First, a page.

Years ago I’d written this terribly vague, and generic quickie post that Debian 5 will in fact boot inside of Qemu. I didn’t really want to get into it as it’s a little complicated and a lot painful. People have cried out over the years, but I figured I’d help people.
For operating system tourists, I’ll save you the story, just go here, and download qemu-2.2.50-DecAlphaDebian.7z. You’ll quickly find out it’s borderline useless, and go onto your next thing. You’re welcome.
First thing this was running in 2014, and newer Qemu’s seem to behave… strange. So I stuck with a late 2014 build of Qemu. If you deviate from here , you are on your own. I did dig up quite a few other
Dec Alpha AXP emulators and put them on archive.org. -But that’s totally up to you, again I’m sticking with 2014’s Qemu.
The BIOS/Pal on Qemu’s Alpha is far from complete and cannot read disks, so no boot sectors, boot loaders, no on disk kernels. All is not lost, you can inject a kernel and initrd, however this is where the fun is. Obviously to install you need to extract both from the ISO file. Also make sure the kernel is decompressed, add a .gz extension and de-compress it, as it should be around 6MB.
qemu-system-alpha.exe -net nic -net user -drive file=alpha.vmdk,if=ide,media=disk -drive file=debian-5010-alpha-netinst.iso,if=ide,media=cdrom -initrd initrd.gz -kernel vmlinux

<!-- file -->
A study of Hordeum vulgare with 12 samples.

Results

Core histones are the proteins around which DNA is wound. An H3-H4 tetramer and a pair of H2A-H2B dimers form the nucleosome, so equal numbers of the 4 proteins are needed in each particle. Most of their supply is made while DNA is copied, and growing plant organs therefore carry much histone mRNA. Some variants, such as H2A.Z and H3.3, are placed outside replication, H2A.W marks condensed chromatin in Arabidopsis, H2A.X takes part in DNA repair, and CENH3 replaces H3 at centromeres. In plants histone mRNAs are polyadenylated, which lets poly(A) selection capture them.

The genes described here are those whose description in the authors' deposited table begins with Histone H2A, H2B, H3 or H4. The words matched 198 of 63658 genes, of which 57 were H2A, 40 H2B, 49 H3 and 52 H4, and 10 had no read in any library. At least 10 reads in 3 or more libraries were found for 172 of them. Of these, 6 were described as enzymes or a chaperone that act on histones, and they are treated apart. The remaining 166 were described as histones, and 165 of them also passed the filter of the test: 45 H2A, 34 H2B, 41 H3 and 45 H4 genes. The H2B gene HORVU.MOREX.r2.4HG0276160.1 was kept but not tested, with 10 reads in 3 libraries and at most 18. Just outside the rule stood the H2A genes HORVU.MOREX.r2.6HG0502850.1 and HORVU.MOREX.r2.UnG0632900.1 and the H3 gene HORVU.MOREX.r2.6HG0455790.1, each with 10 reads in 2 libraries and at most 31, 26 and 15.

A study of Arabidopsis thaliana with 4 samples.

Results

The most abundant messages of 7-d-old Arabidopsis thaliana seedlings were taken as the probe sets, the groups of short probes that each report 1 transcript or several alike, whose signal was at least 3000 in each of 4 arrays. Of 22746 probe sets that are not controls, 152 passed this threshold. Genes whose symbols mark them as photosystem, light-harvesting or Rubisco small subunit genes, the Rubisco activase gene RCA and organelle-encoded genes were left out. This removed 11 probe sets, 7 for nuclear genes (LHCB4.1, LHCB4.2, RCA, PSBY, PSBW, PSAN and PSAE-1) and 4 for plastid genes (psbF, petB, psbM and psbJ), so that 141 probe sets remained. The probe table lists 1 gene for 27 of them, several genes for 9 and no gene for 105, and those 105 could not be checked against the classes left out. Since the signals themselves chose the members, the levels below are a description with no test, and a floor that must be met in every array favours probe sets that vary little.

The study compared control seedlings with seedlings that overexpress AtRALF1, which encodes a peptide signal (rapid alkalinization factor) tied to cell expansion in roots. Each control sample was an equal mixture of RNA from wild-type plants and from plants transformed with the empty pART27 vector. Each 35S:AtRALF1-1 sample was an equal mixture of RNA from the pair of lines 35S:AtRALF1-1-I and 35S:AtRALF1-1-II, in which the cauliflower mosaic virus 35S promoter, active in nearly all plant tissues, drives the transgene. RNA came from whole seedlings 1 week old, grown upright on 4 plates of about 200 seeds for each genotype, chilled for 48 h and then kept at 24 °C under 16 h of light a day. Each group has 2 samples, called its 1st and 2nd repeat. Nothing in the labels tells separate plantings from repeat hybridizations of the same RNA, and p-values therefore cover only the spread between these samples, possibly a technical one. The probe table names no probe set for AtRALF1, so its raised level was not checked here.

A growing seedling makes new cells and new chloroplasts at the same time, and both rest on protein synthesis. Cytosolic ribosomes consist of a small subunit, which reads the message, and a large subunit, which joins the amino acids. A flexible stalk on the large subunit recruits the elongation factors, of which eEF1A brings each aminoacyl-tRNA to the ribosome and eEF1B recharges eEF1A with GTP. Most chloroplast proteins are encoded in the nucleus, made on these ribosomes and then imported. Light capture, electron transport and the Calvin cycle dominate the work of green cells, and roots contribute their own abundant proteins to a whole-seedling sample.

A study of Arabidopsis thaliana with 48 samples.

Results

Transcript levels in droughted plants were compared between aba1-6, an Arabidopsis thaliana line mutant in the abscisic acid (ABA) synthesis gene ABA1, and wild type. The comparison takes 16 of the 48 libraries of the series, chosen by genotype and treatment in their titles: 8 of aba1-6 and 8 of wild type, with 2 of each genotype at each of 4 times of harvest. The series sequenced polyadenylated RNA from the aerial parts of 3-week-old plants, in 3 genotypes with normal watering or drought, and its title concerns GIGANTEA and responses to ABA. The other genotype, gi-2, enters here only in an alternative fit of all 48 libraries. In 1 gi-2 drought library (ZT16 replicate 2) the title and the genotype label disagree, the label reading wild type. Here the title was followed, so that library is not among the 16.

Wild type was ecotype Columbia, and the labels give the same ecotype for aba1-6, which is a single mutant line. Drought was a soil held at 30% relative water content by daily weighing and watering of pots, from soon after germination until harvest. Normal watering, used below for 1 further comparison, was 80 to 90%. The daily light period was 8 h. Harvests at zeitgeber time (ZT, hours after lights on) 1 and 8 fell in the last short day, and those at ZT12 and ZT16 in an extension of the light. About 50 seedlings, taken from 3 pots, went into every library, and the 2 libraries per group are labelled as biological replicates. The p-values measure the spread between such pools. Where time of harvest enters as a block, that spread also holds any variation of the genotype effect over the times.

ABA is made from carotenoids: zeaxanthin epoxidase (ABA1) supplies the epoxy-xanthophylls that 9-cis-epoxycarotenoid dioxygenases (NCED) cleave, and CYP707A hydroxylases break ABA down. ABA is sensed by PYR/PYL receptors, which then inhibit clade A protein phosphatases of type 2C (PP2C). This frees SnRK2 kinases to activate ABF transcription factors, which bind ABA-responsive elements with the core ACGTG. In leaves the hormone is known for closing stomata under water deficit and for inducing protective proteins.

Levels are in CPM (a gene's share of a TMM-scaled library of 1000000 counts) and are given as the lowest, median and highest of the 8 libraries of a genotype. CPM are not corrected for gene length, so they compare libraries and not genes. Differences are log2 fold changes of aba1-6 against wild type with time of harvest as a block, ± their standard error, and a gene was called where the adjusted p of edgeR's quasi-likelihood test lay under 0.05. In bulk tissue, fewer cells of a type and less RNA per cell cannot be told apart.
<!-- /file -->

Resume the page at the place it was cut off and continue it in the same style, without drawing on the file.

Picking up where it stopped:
This is vaguely how to boot up the installer. Partition, make sure hda1 hda2 hda3 etc are created and all is fine.
Now the next amount of fun is that you need to extract the created initrd as the installer initrd always launches the installer. The busybox cannot create tar files, there is no ftp or scp, also I couldn’t get it to even try to mount NFS images.
However on Windows 10 with WSLv2 or a Linux machine you can mount the disk image (keep it raw? or convert it?)
losetup /dev/loop0 myimage.disk partprobe /dev/loop0 mount /dev/loop0p1 /mnt/myimage
These three steps will let you mount the disk in this case /dev/loop0p2 which is the root filesystem. Debian didn’t have partprobe installed so I had to apt-get install parted
Now that you can mount it, you can copy the boot/initrd.img-2.6.26-2-alpha-generic file.
We do need to tell Linux where the root filesystem is so to finally run Qemu it’s like this:
qemu-system-alpha.exe -net nic -net user -drive file=alpha.vmdk,if=ide,media=disk -initrd initrd.img-2.6.26-2-alpha-generic -kernel vmlinuz-2.6.26-2-alpha-generic -append "root=/dev/hda2"
Obviously this was a lot more time consuming than it should be, but now I can do useful things.
Also sometimes Qemu just sits there with a black screen. the UI is waiting for something ,not sure what. It’ll either come to life on it’s own or you got to bang it.